Massey to buy Cumberland

MASSEY Energy will buy private coal producer Cumberland Resources for $US960 million, swelling Massey’s metallurgical coal production and reserves and creating a major US east coast coal player.

Angie Tomlinson

Massey announced late Tuesday it had signed a definitive agreement to buy Cumberland and its affiliated companies in a cash and stock deal.

Cumberland is one of the largest privately held coal producers in the United States with 2009 coal revenue of $550 million generated from the production and sale of 7.8 million tons of high-quality central Appalachian coal.

Massey will acquire Cumberland free of debt.

Based in Abingdon, Virginia, Cumberland operates primarily underground coal mines in southwestern Virginia and eastern Kentucky.

Its assets include an estimated 416Mt of contiguous coal reserves, a preparation plant in Kentucky served by the CSX railroad, and a preparation plant in Virginia served by the Norfolk Southern railroad.

Of the estimated reserves, Massey said more than half had metallurgical coal qualities.

Cumberland's existing operations produce both steam and metallurgical-quality coals.

About 4.8Mt of its annual production is of metallurgical quality, of which 800,000t are currently being sold into the metallurgical coal market.

Massey expects to be able to produce 5Mt of met-quality coal annually with the existing Cumberland assets without spending additional development capital.

"The Cumberland assets and operations will be highly complementary to our existing base and fit well with our strategy in central Appalachia,” Massey chief executive Don Blankenship said.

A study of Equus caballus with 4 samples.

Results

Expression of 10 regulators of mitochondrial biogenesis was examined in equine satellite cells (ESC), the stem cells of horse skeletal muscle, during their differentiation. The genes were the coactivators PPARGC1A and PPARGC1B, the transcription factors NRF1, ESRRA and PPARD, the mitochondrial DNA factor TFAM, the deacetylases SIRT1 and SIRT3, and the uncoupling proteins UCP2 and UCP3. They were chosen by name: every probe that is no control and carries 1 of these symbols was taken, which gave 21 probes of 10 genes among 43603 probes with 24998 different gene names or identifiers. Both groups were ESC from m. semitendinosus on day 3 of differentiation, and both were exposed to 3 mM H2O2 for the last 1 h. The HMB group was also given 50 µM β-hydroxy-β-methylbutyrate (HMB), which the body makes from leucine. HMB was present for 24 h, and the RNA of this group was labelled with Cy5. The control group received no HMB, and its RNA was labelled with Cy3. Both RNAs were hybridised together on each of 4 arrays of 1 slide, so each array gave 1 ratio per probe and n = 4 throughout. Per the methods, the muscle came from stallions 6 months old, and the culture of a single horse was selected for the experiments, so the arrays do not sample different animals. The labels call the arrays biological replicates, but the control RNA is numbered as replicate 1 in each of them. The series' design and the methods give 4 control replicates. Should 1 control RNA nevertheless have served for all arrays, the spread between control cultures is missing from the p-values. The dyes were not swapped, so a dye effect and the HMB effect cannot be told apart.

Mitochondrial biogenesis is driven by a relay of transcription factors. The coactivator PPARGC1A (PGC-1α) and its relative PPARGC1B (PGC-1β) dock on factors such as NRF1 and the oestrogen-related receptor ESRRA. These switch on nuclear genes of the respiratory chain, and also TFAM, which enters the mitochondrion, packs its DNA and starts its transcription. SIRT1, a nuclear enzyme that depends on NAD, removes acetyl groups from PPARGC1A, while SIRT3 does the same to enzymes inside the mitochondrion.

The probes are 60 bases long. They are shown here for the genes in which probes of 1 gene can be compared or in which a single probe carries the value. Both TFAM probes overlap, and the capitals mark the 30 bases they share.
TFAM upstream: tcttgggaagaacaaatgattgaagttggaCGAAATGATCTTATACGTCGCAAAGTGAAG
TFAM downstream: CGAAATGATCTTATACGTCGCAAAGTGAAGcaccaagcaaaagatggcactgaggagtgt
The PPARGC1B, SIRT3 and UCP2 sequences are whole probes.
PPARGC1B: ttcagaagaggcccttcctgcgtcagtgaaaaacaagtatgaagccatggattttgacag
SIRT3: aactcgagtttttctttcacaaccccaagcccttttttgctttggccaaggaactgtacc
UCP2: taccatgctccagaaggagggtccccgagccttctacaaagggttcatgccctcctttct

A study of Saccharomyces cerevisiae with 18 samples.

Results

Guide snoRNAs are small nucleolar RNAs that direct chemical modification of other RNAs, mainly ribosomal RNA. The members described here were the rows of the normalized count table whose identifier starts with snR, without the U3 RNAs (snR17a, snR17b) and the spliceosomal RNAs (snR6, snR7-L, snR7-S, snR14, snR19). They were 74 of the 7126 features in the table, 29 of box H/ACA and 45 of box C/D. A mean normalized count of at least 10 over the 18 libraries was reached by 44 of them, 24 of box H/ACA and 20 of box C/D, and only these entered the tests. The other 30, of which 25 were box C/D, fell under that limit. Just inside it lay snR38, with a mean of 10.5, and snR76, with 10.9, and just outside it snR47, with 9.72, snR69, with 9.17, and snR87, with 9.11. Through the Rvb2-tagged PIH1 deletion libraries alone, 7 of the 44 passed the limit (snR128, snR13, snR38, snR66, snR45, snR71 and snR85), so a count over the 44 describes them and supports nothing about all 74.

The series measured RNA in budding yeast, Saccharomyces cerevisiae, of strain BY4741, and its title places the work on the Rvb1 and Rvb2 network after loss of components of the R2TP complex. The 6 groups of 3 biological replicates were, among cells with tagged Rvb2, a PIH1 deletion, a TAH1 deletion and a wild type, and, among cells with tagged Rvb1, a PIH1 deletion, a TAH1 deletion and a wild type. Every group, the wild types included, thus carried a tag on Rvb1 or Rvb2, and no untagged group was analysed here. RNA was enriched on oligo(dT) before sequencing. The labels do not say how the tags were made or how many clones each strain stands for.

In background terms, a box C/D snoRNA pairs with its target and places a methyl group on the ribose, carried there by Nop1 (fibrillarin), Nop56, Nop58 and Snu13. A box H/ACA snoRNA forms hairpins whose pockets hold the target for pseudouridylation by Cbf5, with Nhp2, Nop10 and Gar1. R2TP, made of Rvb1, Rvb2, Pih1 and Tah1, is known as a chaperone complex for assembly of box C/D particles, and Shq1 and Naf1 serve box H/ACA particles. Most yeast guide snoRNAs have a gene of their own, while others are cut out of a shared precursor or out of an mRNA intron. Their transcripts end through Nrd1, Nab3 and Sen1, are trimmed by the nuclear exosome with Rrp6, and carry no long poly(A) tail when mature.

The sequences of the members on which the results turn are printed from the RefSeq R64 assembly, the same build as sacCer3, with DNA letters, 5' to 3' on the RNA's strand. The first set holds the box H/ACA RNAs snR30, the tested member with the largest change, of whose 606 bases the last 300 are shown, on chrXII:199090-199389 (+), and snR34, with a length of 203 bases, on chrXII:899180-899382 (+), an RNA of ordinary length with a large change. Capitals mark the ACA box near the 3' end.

“Cumberland's track record of low-cost production, their focus on underground mining and their low legacy liabilities are consistent with Massey's history and strategy.

“We believe this acquisition is an excellent fit for Massey. Our analysis shows it will be accretive to earnings per share beginning this year and we believe it will add significant shareholder value."

Massey believes it will achieve operating synergies when the transaction and the integration of the Cumberland operations are complete.

These synergies are expected to result from increased global marketing of met-quality coal through Massey's established sales network, sharing of operational best practices, purchasing synergies and working capital optimisation.

Cumberland generated earnings before interest, taxes, depreciation and amortization of $115 million in 2009 and, as at the end of last year, held 8.1Mt of coal committed and priced for sale in 2010, primarily with thermal coal customers.

Massey expects to be able to use coal produced from the acquired operations to increase met coal sales by up to 5Mtpa over the next couple of years.

On a pro forma basis, after adding the Cumberland reserves, Massey will have an estimated total reserve base of 2.9 billion tons. An estimated 1.3Bt of Massey's total coal reserves are of metallurgical quality.

"Richard Gilliam, chairman and CEO of Cumberland, and his team have done an excellent job in building a great company,” Massey president Baxter F Phillips, Jr said.

“They have a tremendous workforce of over 1000 talented and experienced miners and support staff that we will be proud to count among our Massey members.”

Under the deal, Massey will pay $640 million in cash and $320 million in shares of its common stock, calculated based on its average closing price for the 20 trading days ending on the day before the closing of the acquisition, subject to adjustment for working capital.

The acquisition is expected to close in the second quarter of 2010.

Both Massey’s and Cumberland’s boards have approved the transaction.

Massey said although it had only preliminary data on projected first-quarter results, operating results for the first two months of 2010 were below its internal operating forecast and it expected first-quarter 2010 results to be below forecasted operating results.

The company said the shortfall to the operating plan in the first two months was largely the result of continuing weather-related disruptions of coal production and shipments.